There is a daunting qualification for the marketing team in Redmond at the end of David Pogue’s rave review in the New York Times of the new Windows Phone 7.5 software (code-named Mango) this morning: “Microsoft may face quite a Catch-22, no matter how superb its work: Windows Phone isn’t popular because it isn’t popular.”
And then, heartlessly, he reminds Microsoft of a different attractive gal it once had who got away: Zune. “In the end, it was a beautiful, capable, highly refined music player -- but nobody bought it. Why would anyone buy the kooky off-brand player, when the iPod offered safety in numbers?”
Pogue’s positive sentiments echo the assessment of the Wall Street Journal’s Katherine Boehret, who checked out a beta version of Mango in June and wrote a review under the headline “Mango Phone: A Peach of a Late Bloomer.” She called it “a mix of elegance and whimsy that’s a treat to use.
The problem is that even if you want to tango with Mango, there aren’t that many Windows phones out there to dance with. The good news, however, is that Nokia yesterday reentered the smartphone derby with “the first fruits of its [eight-month-long] alliance with Microsoft, in a bid to curb its declining market share,” as Kevin J. O’Brien puts it in the New York Times.
“Nokia really needed this to happen today, and this is a new start for the company,” Canalys analyst Pete Cunningham tells O’Brien. “This helps stop the bleeding and will help Nokia get back in the game.”
But, again, there’s a qualification. The two devices –- the Lumia 800 (€420 /$584) and the Lumia 710 (€270/$376) are only available in six countries in Europe for now. They’ll be in Asia by year-end. But Nokia CEO Stephen A. Elop, who has been an executive at Microsoft, says his company is in “advanced talks” with the four leading U.S. carriers (Verizon, AT&T, T-Mobile and Sprint) and that its smartphones here will run on 3G networks as well as 4G networks using LTE, or Long Term Evolution.
“When we enter a market, it is not just dipping your toe in the market, but coming in with the appropriate levels of investment by us,” Elop says. “It takes work. It takes money. We are being very deliberate.”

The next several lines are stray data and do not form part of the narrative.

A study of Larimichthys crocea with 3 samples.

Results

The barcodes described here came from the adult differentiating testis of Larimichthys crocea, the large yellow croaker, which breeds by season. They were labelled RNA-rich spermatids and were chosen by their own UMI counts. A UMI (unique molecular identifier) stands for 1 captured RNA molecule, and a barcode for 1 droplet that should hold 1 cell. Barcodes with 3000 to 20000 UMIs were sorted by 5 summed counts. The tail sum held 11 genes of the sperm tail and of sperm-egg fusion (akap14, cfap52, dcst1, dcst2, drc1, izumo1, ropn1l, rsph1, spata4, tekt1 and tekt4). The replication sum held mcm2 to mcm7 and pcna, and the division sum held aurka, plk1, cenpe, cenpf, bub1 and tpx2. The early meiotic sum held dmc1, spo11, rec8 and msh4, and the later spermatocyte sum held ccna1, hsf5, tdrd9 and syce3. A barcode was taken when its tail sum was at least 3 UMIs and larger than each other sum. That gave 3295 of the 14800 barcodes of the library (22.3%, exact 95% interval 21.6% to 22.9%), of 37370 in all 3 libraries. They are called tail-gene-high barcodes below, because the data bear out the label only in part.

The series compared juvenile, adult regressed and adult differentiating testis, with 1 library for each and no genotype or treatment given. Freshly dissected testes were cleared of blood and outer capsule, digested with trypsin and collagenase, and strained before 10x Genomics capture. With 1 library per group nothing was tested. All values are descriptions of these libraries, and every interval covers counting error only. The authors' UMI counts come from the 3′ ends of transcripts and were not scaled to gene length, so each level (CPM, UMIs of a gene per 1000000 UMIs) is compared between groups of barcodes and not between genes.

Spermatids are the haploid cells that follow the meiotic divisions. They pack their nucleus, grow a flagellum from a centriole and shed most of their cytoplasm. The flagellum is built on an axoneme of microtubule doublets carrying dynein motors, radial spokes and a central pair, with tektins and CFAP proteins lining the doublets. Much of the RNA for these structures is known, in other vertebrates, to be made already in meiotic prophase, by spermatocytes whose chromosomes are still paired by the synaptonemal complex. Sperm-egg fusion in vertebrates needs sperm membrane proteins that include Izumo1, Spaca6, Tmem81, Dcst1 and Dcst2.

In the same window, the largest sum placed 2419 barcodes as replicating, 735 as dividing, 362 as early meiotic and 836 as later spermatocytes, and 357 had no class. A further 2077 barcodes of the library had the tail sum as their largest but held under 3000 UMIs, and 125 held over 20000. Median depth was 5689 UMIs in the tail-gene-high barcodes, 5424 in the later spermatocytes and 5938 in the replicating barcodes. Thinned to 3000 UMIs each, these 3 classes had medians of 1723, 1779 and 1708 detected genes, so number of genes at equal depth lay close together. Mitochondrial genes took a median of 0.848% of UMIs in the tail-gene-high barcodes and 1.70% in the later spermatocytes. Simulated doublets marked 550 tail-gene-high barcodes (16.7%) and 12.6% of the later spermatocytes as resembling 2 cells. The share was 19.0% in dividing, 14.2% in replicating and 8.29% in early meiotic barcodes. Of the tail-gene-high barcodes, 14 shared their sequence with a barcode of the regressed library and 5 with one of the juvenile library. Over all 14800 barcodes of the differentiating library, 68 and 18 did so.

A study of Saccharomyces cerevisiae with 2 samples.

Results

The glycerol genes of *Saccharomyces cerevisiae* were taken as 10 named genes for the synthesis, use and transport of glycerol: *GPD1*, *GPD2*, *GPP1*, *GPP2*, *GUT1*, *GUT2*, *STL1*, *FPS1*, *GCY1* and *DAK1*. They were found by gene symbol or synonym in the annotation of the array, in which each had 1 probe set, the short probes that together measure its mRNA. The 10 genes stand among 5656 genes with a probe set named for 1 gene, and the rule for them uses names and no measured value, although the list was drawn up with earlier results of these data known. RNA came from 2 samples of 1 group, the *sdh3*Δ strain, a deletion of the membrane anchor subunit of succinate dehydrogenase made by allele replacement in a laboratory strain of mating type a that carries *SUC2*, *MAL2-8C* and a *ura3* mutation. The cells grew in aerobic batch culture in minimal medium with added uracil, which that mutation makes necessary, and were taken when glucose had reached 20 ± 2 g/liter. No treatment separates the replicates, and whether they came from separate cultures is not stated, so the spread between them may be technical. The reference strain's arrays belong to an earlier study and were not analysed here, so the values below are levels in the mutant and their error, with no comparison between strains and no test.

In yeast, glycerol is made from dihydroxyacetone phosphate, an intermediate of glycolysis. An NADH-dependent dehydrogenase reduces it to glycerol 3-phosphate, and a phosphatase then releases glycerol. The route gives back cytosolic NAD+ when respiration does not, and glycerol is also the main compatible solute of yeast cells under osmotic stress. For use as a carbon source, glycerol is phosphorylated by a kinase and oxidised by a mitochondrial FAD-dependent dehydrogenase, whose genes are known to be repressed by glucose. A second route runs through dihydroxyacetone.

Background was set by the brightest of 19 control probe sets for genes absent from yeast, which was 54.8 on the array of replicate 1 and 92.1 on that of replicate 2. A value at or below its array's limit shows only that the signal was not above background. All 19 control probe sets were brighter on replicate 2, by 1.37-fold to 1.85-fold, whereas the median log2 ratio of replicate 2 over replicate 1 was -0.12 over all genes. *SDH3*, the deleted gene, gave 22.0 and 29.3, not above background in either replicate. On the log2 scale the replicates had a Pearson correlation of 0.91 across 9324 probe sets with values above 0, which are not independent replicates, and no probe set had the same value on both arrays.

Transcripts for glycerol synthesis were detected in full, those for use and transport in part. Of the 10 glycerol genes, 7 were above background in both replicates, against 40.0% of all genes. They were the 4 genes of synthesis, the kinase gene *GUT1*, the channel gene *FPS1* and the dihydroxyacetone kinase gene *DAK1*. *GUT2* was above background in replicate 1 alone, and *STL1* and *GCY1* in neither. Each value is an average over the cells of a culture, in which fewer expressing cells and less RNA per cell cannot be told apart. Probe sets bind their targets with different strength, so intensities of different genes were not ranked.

The Wall Street Journal’s Christopher Lawton points out that its alliance with Microsoft is “highly controversial within the conservative Finnish company.” But Elop is certainly personally jazzed about the possibilities. In an interview, he “said that he could feel his phone vibrating in his pocket as he received text messages from supportive colleagues after he said Lumia was the first real Windows phone.”
Among other niceties, the Lumias have exclusive apps such as voice-guided navigation (Nokia Drive) and a music service called Nokia Music. (Samsung and HTC also sell Windows phones.)
In a video sidebar, the Journal’s Tech Europe editor, Ben Rooney, believes the two new competitors to devices running the Android and iPhone operating systems are “remarkably well-priced products that carry a lot of punch.” But can they “save” Nokia? He says he’ll have to resort to the cliché that “the jury is still out” but that he’s “not hopeful.”
The Financial Times’ Dan Thomas and Maija Palmer talked to an anonymous phone executive who also said the jury is deliberating on the viability of the Nokia and Microsoft partnership but who believes that a “third so-called phone ‘ecosystem’” is “crucial.”
“Who will win the race for third? Neither have been a success in this space so far but never bet against Microsoft,” he says.
Thomas and Palmer write that the phones “do not appear overly innovative at first” but point out that “Nokia says the key to success will be the future product cycle, rather than the single new phone.” They do applaud the eight-month turnaround from conception to launch. Products generally take 18 months to gestate at Nokia.
Mike Issac, writing in Wired, offers a little heavily qualified optimism of his own. “Nokia’s failure in the smartphone space isn’t a fait accompli,” he writes. But the company will have to rally support around three key initiatives.”
They are: 1. Continuing to design the Lumia –- which “oozes with child-like whimsy” –- differently from the “industrial” design of Android devices. 2. Provide a “global alternative” and 3. “Stress app visibility over sheer app numbers.”
“Nokia and Microsoft have their work cut out for them,” Issac concludes. “Apple and Google have more market share, more mind share, a frenetic and evangelical user base, and a multi-year head start.”
But Microsoft and Nokia have both been to the mountaintop before and they’ve both got billions to spend on another journey. The race is on.